Just over four years ago, the tragic murder of a young boy, Luke Batty, at the hands of his father started a national conversation in Australia that we had to have.
His mother Rosie became a beacon, shining a light on domestic and family violence, a crime that had largely been kept hidden behind closed doors, always “somebody else’s problem”, and grossly underestimated.
Many people equate family violence with physical abuse. And the statistics reveal a shocking and unacceptable national tragedy: on average, one woman is killed every week by a current or former partner.
But family violence comes in many forms.
Economic abuse is just one.
It’s also common, yet relatively hidden, occurring when one person uses money or access to economic resources to control another. Indeed, research from RMIT University has revealed that nearly 16 per cent – or around one in six – women experienced economic abuse in their lifetimes. Among men, it was 7 per cent.
It can take many forms. A perpetrator might stop their partner from accessing household money, sabotage their ability to earn money, or closely control how an allowance is spent. Perpetrators might coerce their partner to sign loan contracts for goods where they receive no benefit or rack up credit card debts, fines or utility bills in their partner’s name and refuse to pay.
It’s a powerful abuse tactic and its correlation with physical abuse is strong. When a woman is being physically abused, it’s likely that economic abuse is also present and vice versa. And because economic abuse can leave a victim with no access to financial resources, it can often cause women to stay in a violent relationship or return to one after fleeing.
Unlike physical abuse which ceases if a woman has safely left, economic abuse can continue long afterwards, for example if her partner refuses to contribute toward joint debts. She may then find herself dealing with debt collectors, the possible loss of an asset and an adverse credit report.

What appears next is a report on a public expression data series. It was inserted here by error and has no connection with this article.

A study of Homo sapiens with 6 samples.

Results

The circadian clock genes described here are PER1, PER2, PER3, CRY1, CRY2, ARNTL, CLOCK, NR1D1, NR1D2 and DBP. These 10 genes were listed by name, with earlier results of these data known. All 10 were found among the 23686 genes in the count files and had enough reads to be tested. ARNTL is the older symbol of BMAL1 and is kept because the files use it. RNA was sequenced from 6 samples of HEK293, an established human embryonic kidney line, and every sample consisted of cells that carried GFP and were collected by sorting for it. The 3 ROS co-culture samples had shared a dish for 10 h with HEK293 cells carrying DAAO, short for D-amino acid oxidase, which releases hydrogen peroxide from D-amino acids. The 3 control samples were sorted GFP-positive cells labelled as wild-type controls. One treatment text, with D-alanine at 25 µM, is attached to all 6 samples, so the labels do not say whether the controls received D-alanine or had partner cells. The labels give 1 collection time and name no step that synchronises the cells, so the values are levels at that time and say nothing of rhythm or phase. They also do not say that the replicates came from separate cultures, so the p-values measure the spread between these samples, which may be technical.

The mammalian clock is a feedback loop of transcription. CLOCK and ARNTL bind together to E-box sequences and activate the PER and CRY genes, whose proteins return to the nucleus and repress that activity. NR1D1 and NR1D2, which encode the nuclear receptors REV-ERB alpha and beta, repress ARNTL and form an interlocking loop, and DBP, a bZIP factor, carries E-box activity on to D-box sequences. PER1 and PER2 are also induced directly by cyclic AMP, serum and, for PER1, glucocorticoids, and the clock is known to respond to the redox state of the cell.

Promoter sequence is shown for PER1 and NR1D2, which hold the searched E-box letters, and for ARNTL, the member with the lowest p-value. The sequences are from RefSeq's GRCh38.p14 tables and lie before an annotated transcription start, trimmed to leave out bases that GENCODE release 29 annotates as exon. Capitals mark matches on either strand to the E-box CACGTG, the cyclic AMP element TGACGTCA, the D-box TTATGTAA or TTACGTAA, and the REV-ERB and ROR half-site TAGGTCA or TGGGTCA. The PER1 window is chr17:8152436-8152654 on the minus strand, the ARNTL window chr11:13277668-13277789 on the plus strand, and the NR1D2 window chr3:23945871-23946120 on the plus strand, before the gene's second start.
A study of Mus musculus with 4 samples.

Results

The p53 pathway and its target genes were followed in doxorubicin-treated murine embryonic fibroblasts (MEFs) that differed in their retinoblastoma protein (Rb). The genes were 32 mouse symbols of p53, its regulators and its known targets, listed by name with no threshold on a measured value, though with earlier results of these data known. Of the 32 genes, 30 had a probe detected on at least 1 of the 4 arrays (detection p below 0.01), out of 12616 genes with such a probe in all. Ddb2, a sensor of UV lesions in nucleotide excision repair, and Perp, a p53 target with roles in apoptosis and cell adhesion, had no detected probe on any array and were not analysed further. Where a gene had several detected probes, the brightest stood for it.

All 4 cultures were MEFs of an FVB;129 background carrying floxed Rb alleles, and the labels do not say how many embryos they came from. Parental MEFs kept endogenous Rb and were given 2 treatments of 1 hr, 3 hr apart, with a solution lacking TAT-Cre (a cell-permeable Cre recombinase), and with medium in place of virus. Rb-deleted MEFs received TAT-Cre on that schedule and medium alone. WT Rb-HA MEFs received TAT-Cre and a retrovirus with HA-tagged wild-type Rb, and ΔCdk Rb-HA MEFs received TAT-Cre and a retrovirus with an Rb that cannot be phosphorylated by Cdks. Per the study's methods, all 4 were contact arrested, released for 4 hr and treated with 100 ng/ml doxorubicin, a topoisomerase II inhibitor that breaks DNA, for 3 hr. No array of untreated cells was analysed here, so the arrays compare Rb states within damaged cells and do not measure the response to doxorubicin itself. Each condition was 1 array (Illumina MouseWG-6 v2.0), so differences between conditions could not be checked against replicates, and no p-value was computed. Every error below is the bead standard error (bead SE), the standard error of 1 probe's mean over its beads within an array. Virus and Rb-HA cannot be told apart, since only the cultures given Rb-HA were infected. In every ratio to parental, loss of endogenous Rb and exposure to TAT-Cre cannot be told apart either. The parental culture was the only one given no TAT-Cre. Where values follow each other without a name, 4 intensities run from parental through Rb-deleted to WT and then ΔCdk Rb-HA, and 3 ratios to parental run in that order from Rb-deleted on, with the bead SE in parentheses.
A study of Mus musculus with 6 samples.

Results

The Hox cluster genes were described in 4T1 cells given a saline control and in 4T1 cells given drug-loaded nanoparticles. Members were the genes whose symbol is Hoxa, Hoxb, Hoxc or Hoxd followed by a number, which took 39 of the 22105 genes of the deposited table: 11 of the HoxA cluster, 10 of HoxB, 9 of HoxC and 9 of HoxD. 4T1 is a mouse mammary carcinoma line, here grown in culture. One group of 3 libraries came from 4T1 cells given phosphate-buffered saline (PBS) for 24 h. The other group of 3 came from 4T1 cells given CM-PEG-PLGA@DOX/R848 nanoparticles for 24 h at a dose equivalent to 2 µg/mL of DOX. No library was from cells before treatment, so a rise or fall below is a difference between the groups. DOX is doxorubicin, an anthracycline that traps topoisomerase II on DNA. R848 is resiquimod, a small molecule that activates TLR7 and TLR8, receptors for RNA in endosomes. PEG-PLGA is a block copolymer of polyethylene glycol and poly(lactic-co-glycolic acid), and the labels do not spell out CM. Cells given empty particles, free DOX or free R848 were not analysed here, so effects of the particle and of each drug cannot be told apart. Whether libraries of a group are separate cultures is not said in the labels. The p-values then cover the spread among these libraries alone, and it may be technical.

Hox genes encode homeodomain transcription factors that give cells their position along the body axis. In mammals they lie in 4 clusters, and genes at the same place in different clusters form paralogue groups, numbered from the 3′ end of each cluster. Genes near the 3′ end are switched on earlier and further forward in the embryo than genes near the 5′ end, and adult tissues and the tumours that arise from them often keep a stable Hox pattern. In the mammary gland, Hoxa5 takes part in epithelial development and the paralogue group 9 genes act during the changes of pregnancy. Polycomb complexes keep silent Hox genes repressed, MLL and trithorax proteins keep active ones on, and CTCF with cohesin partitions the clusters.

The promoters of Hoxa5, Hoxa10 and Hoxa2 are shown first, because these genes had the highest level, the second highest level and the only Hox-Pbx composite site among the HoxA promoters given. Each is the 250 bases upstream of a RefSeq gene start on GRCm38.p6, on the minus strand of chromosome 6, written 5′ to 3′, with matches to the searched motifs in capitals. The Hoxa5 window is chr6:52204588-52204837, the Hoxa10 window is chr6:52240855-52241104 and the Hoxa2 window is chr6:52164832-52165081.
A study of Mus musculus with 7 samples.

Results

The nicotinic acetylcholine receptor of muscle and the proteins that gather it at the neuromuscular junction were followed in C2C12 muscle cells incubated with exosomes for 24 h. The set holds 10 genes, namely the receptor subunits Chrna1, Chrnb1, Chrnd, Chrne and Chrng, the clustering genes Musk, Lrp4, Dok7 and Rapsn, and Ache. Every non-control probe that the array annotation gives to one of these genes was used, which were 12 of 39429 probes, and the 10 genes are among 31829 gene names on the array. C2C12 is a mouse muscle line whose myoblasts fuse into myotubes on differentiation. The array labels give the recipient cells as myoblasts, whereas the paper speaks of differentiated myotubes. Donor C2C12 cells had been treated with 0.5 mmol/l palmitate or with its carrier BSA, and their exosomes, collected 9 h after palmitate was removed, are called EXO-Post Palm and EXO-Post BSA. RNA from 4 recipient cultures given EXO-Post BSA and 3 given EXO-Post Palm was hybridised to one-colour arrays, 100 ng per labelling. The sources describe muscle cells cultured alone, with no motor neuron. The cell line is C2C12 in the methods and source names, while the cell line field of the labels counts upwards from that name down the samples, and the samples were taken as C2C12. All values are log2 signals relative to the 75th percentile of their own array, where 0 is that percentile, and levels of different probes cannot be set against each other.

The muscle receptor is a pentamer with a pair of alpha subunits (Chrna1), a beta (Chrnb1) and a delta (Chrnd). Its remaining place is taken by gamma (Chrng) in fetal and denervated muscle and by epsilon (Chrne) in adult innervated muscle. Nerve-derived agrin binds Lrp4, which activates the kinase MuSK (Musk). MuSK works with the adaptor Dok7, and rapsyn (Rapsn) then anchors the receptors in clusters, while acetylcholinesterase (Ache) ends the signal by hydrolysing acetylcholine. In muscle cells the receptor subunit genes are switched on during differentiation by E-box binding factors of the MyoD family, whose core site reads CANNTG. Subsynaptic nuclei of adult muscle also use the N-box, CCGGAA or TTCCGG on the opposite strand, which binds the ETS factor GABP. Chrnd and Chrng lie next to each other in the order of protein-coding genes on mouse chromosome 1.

But financial counsellors can do a lot to help.
Our first concern will be our client’s safety. We need to make sure none of our actions put the person at risk of further harm, for example, if by contacting creditors, this would alert the perpetrator. We can also provide the necessary emotional support and useful referrals as well as help fix the money issues by, for example, advocating on our client’s behalf with creditors.
Thankfully, many creditors are putting in place responsible policies for working with customers affected by family violence. At the large banks, teams of specialists – generally based in their financial hardship areas – have been trained in how to support customers experiencing domestic and family violence. They work with customers on a case by case basis to provide financial assistance, such as reduced loan repayments, debt waivers or emergency funds. In some banks, “silent” transaction accounts which do not show up in internet banking are also offered.
There are around 800 financial counsellors in Australia, not nearly enough in comparison to the size of the debt problems we have in our communities. On the positive side, the number of financial counsellors with specialist training in family violence is growing. The Victorian Government recently funded 10 new specialist positions, a move we hope other state governments and the federal government might follow.
While these steps are steering us in the right direction, economic abuse is a deeply entrenched, largely hidden social problem that will take a long time to wrestle.
The first step to fixing it is to name it. The second is to say it is not acceptable. As financial counsellors, bankers, politicians and families, we all have a role to play in chipping away at this insidious crime.
If you are experiencing family or domestic violence, help is available: contact 1800 RESPECT on 1800 737 732, a 24 hour, free support service. To access free financial counselling advice, ring the National Debt Helpline on 1800 007 007. Financial counsellors provide advice and support about managing debts.